Today’s workplace can get hectic, not simply because of the busyness of the day, but because of unruly clients and customers. Everyday, employees around the country are forced to deal with clients and customers who cross boundaries of respect and peaceful confrontation, sometimes placing the rights of workers at risk.

In such situations, does an employee have a case against his or her employer? Federal law does protect workers from harassment in the workplace and particularly prohibits hostile work environments, but does that protection extend to situations where employees are not threatened by co-workers, supervisors or managers, but by clients and customers?

The answer to this question is, yes. Federal laws like Title VII of the Civil Rights Act do extend protection of workers from harassment to situations where the harassment comes from clients or customers under certain circumstances.

Title VII and Non-Employee Harassment

According to Title VII, employers can be held liable for discrimination when an employee shows that he was discriminated against because of belonging to a certain protected group based on race, color, national origin, religion, age, sex or disability. The law applies to companies with 15 or more employees and covers all areas of the employment process including hiring and firing.

The law also prohibits workplace harassment based on membership in any of the protected categories, as well as harassment which results in a hostile work environment.

Generally, Title VII applies to harassment from co-workers or supervisors. However, in 1998, a Supreme court case called Burlington Industries, Inc. v. Ellerth, 524 US 743 (1998), established that an employer could be held liable for harassment by a co-worker or non-employee that it knew about or should have known about, but failed to take measures to correct.

Since this case, no other Supreme Court cases have directly addressed the subject of non-employee harassment. However, the EEOC has issued guidance related to the subject in the context of sexual harassment. Lower courts have also consistently treated co-worker and non-employee harassment the same in that establishing liability requires showing supervisory negligence for both.

Proving Non-Employee Harassment

In other words, in order to have a case against an employer when harassment comes from non-employees, an employee must first prove that his or her employer knew or should have known about the harassment.

Second, the employee must prove that despite knowledge of the harassment, the employer did not take corrective action. Additionally, courts as well as the EEOC take into consideration the amount of control the employer has over the situation in light of the circumstances and may particularly analyze the amount of control and legal responsibility an employer has over the conduct of non-employees.

Additionally, an employer has an affirmative defense in non-employee harassment cases. If the company can prove that sufficient corrective measures were offered and that the employee failed to or was negligent in taking advantage of the corrective measures, the company may be able to avoid liability.

Examples Involving Non-Employee Harassment

Courts have shown a consistent method of applying the standard for non-employee harassment. for example when an employer is able to show sufficiency methods for correcting the harassment, court are less likely to rule in favor a complaining employee.

However, when it is apparent that an employer has tolerated, ignored or encouraged reports of harassment, an employee is more likely to be successful with his or her case. For example, in Lockhard v. Pizza Hut, Inc., 162 F.3d 1062, the employee made repeated attempts to draw her employer’s attention to increasingly egregious forms of abuse and harassment from customers at a pizza restaurant. In finding that the restaurant took no action to protect the waitress despite her reports, the court ruled in favor of the employee.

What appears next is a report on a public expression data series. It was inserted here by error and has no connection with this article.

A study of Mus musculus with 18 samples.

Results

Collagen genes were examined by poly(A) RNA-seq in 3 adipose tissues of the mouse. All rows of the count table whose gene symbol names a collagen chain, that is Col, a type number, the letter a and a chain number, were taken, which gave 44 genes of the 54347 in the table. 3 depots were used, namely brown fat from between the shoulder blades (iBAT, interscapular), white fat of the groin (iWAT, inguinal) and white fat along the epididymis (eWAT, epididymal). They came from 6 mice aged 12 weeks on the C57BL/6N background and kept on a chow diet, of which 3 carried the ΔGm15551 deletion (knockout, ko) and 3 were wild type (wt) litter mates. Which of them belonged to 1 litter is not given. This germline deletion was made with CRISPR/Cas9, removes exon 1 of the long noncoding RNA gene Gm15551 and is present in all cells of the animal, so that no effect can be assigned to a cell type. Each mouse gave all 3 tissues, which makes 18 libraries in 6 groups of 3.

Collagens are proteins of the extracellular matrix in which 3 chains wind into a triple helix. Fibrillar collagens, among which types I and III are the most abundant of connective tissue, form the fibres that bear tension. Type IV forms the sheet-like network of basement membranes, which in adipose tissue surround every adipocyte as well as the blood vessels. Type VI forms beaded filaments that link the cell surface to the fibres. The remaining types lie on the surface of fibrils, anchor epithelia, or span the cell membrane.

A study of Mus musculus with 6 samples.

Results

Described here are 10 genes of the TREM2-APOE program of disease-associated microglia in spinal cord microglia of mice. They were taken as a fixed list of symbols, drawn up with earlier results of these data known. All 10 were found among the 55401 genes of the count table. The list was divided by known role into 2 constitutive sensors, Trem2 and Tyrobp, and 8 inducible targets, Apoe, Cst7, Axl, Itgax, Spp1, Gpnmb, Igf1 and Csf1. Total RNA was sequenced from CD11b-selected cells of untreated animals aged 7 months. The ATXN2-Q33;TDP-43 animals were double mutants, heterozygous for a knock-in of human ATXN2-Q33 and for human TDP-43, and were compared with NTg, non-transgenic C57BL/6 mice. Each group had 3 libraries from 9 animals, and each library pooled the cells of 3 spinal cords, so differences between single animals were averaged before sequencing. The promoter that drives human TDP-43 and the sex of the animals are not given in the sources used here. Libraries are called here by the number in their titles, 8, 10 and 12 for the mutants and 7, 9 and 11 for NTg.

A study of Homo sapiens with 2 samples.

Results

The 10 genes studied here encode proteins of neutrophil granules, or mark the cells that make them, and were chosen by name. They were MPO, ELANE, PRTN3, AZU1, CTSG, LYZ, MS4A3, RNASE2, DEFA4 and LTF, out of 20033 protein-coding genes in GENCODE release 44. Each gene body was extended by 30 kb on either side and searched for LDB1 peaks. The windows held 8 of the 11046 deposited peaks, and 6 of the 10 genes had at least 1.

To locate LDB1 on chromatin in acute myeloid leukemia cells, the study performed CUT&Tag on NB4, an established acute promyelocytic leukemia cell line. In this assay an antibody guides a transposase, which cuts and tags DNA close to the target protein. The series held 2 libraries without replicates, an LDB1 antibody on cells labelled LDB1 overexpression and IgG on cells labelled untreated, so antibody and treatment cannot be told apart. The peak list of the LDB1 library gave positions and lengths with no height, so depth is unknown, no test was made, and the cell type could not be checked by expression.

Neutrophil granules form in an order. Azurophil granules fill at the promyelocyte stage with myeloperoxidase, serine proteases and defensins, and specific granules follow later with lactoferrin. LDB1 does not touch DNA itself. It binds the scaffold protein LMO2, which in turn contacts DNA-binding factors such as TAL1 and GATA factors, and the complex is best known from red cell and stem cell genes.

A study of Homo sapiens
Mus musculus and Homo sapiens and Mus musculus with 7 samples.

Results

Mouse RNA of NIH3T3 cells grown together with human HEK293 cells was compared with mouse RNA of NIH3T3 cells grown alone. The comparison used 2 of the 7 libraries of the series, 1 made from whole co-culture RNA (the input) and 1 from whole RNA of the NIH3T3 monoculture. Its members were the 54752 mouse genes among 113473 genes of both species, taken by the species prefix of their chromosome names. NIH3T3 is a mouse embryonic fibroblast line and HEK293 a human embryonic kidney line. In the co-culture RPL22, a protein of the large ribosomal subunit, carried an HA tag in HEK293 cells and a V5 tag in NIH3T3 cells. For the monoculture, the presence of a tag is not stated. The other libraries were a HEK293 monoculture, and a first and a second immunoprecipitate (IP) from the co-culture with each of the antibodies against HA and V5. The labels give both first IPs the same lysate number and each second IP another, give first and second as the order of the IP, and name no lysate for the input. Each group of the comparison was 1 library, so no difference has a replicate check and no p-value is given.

The rule against harassment from non-employees also applies to independent contractors. Again, courts and the EEOC will evaluate the amount of control and legal responsibility an employer has over an independant contractor in order to assess whether the employer has incurred liability. Of course, when the non-employee or independent contractor carries out the harassment outside of the workplace, courts are less likely to rule a violation of the law has occurred.

What should I do when a non-employee harasses me?

An employee dealing with situations of workplace harassment has a number of options. First, it is important for employees to report incidents to his or her supervisor, manager or HR office. Consult the employee handbook or other company policy manuals to understand fully the correct procedure for filing a complaint within your company as soon as possible. Doing so gives employees a chance to ask questions and identify proper contacts before an incident occurs.

Employees also have the option of filing a formal complaint with the EEOC. The EEOC handles Title VII harassment charges as well as harassment charges that are filed under the Age Discrimination in Employment Act (ADEA) and the Americans with Disabilities Act (ADA).

The charge handling process must be initiated no later than 180 days after the last occurrence of harassment by a non-employee. Once an EEOC charge is filed, an investigator will review the case and gather facts by contacting key players, including supervisors and managers. At the conclusion of the investigation, the agency may issue a notice of Right To Sue signaling that an employee can go forward with his or her case in a court of law.

If You Think You’ve Been Harassed by a Client/Customer…

If you think you’ve been harassed by a client or customer, time is of the essence. Contact a qualified and experienced attorney with the necessary skills to handle complex employment discrimination cases as soon as possible.